The Rankings Are Overrated, And Definitely Not Just Because HLS Is Ranked #3

I recently discovered, after a reasonable amount of time has passed, the way someone who definitely does not obsess over rankings would discover, that Harvard Law School is ranked number 3 behind Yale and Stanford. Completely independently of that, I think it is time that we discuss the problems inherent in the current ranking system.

First of all, the current system places heavy weight on incoming class GPA and LSAT. This means schools are pressured into taking a specific subset of students, specifically those that are actually good. Schools are forced to take a decline in the rankings in order to select the students they truly want, like legacy students from wealthy families who will not enroll in LIPP when they graduate. When so much of the admissions process is reduced to two numbers, we lose sight of what really matters in determining the value of an applicant: their personal statement.

Additionally, schools have a massive incentive to fiddle with their numbers. For the part of the rankings based on employment of former students, up to 25% of student careers can be left unknown without being penalized. As a result, schools will not seek out those among their students who are unable to find jobs, like those of us who want to work in the public interest world but are not good enough to receive a fellowship. Therefore, schools known for their transparency, accountability, and a general desire to not take the easy way out of difficult problems, like Harvard Law School, are at a disadvantage, and schools with less integrity are able to skip ahead: this is (probably) why Yale and Stanford are ranked higher up. The legal world has a public reputation for not being shady, manipulative, or two-faced: shouldn’t our ranking system reflect that?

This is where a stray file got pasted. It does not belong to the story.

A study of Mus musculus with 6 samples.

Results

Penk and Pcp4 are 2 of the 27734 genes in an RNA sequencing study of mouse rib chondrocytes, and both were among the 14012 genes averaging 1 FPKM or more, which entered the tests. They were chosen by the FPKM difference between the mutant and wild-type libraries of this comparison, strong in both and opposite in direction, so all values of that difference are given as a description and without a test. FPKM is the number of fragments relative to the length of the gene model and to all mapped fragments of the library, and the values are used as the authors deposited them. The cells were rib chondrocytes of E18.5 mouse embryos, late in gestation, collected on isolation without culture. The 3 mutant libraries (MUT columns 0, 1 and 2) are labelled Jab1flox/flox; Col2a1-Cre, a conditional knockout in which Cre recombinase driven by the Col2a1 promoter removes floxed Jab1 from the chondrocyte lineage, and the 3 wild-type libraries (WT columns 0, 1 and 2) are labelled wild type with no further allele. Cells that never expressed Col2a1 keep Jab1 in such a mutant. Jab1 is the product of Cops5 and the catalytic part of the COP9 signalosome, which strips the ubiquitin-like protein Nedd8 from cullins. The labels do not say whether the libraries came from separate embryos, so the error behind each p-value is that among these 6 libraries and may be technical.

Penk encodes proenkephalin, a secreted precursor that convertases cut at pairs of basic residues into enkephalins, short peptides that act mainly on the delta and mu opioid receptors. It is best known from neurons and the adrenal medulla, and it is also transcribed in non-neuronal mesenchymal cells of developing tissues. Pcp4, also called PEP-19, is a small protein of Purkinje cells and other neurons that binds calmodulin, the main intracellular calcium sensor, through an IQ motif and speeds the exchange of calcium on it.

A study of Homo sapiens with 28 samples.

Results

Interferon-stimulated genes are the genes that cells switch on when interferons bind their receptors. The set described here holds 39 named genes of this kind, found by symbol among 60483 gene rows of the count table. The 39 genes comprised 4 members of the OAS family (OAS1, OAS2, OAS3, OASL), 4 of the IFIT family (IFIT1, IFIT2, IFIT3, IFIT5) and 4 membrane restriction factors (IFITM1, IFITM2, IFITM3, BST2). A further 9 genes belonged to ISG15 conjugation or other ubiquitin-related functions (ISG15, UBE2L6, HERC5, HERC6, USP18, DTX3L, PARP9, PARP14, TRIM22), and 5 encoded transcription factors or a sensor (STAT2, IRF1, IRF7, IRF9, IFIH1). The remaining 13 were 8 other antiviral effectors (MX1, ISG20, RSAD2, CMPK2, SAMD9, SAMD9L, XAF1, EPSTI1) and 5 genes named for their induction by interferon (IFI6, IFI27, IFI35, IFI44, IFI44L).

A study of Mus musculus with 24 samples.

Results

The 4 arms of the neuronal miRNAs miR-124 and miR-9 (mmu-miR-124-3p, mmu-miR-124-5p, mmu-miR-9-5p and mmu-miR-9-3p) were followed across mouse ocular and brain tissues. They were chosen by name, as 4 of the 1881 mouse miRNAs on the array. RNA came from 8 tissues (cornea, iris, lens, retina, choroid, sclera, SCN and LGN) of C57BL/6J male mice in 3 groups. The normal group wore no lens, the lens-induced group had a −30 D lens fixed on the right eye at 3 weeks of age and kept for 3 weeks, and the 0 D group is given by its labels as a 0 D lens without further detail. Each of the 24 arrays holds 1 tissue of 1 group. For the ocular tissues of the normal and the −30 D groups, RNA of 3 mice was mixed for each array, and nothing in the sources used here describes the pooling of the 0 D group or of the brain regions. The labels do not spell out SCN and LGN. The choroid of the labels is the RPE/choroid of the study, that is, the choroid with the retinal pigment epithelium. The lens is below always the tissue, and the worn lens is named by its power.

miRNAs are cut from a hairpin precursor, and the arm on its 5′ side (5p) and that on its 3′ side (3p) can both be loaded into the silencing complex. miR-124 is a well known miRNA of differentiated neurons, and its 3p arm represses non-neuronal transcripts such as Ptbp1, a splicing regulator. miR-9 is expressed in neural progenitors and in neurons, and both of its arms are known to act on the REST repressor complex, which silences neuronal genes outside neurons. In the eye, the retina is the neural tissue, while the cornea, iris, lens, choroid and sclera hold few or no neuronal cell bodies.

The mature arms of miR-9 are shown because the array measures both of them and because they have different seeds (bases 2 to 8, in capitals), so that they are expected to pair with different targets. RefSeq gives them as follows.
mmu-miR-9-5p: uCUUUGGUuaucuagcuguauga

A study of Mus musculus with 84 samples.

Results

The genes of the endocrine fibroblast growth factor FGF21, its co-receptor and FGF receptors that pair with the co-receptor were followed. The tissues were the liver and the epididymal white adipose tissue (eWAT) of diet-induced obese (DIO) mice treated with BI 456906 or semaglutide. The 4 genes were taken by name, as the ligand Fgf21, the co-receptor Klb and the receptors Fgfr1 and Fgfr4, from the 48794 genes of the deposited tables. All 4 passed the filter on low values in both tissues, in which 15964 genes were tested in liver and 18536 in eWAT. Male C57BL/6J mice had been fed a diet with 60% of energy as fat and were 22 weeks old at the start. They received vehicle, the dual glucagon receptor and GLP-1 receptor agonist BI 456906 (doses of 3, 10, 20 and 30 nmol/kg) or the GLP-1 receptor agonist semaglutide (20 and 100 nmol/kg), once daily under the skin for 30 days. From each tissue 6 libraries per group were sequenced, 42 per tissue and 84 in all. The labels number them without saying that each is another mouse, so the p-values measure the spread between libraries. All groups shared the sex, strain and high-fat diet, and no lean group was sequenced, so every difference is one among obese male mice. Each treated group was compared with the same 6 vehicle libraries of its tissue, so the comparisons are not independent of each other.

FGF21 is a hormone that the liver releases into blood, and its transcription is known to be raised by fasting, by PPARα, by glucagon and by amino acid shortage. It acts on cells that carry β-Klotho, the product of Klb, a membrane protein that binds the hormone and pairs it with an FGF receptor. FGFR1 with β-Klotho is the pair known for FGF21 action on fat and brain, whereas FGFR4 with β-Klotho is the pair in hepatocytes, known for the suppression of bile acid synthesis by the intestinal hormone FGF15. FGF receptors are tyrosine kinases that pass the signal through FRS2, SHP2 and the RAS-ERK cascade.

Rankings also create a structural problem. The differences between the schools at the top of the list are actually pretty minor, but because every school must be placed ahead or behind every other one, these differences are magnified beyond recognition, because of how much emphasis is placed on going to the absolute best school. Because there is no nuance to the rankings, and students almost automatically select the highest ranked school they get into, schools have no incentive to differentiate themselves from the pack, making them more appealing to some groups of students and not others. This all makes it harder for someone like me, who goes to the third best school, to get a job at the law firm which most closely fits my future goals: “Whichever Firm Is Vault #1,” LLP.

Ultimately, we need to move towards a more objective way of alleviating our own insecurities, like a ranking system based on the number of current Supreme Court Justices who graduated from Harvard Law School, or favoring schools which accepted me. It is through doing this that we can achieve the greatest joy of attending a top tier law school: passive aggressive op-eds from students at rival schools whose rankings decline.

Andrew Langen is a Record staff writer. He is a 1L.